As this blog is being written, the National Weather Service (NWS) expects winds gusting to 45 mph today. Between dry air and strong winds, there is a high fire danger across the Kansas City metro, and a Red Flag Warning is in effect for western parts of the area. It’s not the first time the NWS has alerted us to a high wind and high fire danger, and it won’t be the last.
It is the perfect time for a refresher on how to safely start, burn and extinguish your backyard fire pit though. After all, cool, spring evenings practically scream for inviting friends and family over for a night around the fire pit. Whether your fire pit is newly installed or you’ve had one in your outdoor living space for years, you can never be too careful about safety. One “I’ll do it later” or “It’ll be fine” can put you, family, friends, neighbors, homes and property at risk.
Preparing Your Fire Pit
Whether you have a gas, propane or wood-burning fire pit, much of the preparation is the same. If you installed your fire pit yourself, some of these checklist items are simply double checking. If you went the professional fire pit installation route, your installer took care of them for you, but it’s worth a look around in case something has changed about your home or yard.
Look around your fire pit…
- Is your fire pit sitting on an even surface? Yards and concrete settle over time and a shift can cause a fire pit to tilt. Possibly, the uneven surface is more a danger to humans who could trip near the fire pit.
- Is your fire pit still at least 10 feet away from any structures, such as your house, garage, trees, fences, outdoor living furniture, etc.?
- Did you look up and make sure there is nothing overhead, like trees, a covered patio or a canopy?
- Has any grass or landscaping grown up, around and too close to the fire pit?
How to Safely Use a Natural Gas and Propane Fire Pit
Gas and propone fire pits are the easiest to start and extinguish. It’s a matter of turning on and turning off the fuel source. Depending on your fire pit, it takes a flick of a switch or a turn of a knob.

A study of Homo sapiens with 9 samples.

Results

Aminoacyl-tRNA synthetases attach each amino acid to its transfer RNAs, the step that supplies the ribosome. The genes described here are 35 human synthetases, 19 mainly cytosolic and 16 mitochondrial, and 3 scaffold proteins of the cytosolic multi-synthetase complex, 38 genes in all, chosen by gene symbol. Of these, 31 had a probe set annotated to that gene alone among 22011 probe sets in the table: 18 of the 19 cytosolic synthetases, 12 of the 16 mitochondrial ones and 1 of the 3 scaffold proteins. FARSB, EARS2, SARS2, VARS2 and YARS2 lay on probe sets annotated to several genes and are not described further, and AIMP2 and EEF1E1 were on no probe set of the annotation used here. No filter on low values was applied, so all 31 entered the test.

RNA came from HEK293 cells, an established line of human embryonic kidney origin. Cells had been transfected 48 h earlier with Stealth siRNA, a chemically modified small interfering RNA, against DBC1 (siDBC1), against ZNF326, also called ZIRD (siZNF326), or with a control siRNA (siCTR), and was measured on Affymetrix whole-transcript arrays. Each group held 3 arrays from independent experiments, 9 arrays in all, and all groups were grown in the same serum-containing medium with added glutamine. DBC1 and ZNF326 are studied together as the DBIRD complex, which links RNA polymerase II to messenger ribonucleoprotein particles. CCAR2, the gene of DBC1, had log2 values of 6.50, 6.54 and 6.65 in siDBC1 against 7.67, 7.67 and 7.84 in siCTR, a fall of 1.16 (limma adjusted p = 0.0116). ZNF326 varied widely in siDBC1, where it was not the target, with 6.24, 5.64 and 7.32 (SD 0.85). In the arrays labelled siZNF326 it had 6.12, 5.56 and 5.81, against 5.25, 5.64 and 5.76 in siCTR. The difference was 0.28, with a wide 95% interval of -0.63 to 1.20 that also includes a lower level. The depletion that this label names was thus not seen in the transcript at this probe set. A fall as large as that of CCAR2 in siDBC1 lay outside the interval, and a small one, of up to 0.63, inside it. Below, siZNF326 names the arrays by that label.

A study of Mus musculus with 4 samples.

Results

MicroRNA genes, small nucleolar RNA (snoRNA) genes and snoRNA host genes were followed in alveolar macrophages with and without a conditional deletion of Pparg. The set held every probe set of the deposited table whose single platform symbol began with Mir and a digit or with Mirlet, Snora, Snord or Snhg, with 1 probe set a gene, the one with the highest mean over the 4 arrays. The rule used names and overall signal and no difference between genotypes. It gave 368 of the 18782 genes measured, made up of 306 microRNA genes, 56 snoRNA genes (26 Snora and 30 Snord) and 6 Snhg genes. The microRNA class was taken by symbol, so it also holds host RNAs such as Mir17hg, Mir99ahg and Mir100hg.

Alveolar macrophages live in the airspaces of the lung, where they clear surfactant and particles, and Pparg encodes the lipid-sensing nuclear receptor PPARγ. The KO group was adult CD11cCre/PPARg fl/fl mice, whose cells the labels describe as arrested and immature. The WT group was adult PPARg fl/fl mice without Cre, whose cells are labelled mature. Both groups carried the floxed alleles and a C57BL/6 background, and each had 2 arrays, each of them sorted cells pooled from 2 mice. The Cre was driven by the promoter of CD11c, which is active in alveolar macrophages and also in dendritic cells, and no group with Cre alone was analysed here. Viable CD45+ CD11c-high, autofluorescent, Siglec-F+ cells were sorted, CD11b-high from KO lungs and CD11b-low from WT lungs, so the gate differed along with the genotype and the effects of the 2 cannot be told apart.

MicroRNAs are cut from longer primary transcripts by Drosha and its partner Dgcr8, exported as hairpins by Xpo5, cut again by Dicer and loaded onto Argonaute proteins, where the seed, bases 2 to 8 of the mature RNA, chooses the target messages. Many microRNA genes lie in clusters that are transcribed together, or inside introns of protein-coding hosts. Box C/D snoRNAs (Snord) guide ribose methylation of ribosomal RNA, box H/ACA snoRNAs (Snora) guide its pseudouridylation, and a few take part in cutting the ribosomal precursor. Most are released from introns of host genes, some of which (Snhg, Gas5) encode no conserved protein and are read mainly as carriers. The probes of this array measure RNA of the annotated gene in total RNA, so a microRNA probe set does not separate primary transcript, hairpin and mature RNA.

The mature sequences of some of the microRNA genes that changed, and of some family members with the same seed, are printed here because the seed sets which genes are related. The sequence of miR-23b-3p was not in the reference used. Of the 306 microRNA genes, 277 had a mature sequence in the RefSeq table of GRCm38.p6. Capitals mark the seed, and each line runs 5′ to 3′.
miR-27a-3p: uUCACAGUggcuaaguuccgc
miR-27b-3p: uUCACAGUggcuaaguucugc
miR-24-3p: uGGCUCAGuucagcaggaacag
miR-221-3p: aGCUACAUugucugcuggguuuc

As long as a gas or propane fire pit was correctly installed on a flat, fire-proof surface and nothing has been placed close or grown too near it, starting and extinguishing it is a breeze. Remember to have fire gloves nearby to safely handle hot parts of the fire pit. And, never leave a gas or propane fire pit unattended, or leave children or pets alone near one—no matter how small or contained your fire pit is. Fire and hot components can be a magnet for touch, on purpose or by accident.
How to Safely Use a Wood-Burning Fire Pit
Before lighting a wood-burning fire pit, look around and ask the same questions listed above for gas and propane fire pits. Once you’ve made sure it’s all clear, use the following tips:
- Use firewood that’s been seasoned at least six months.
- Don’t burn wood used for construction, such as plywood or composite woods, which can release toxic fumes while burning.
- Choose seasoned hardwoods, like oak or hickory, to avoid embers flying out. Softwoods, like birch and pine, tend to spark and crackle when burned.
- Cut logs so they fit inside the fire pit without hanging over or off the side.
- Set fire to tinder to start a fire, and never use lighter fluid or gasoline to start or keep your fire pit going.
- To extinguish a wood-burning fire pit, use a fire-safe tool to spread out the wood and ashes. Spray them with water or cover them with sand.
- Never let a fire pit burn itself out. Make sure it’s completely extinguished before leaving or going to bed for the night.
If you have any questions about operating your gas, propane or wood-burning fire pit, take a look at the owner’s manual. In general, we recommend reading through it to learn specific tips or manufacturer care and usage instructions. If your fire pit is installed by Complete Home Concepts, your installer will give you an overview of safe operation.
What to Keep Near Your Fire Pit
While not necessary, consider investing in the following items to keep near your fire pit for better peace of mind.
- A fire pit screen is helpful in keeping any embers from flying out of the fire pit, landing on another surface, and starting a fire there.
- A container filled with sand and/or a garden hose connected to a faucet for quick extinguishing. Water can damage some components in gas or propane fire pits, so ask our team or read the owner’s manual to make sure you use the correct method to put out your fire pit. Another option is a dry-chemical fire extinguisher with a Class B and C or multipurpose rating.
- A fire blanket for emergencies. You can cover a fire with it for fast extinguishing or throw it on embers that land outside the fire pit.
Complete Home Concepts is happy to help if you ever have a question about servicing, maintaining, or using your fire pit. Get in touch.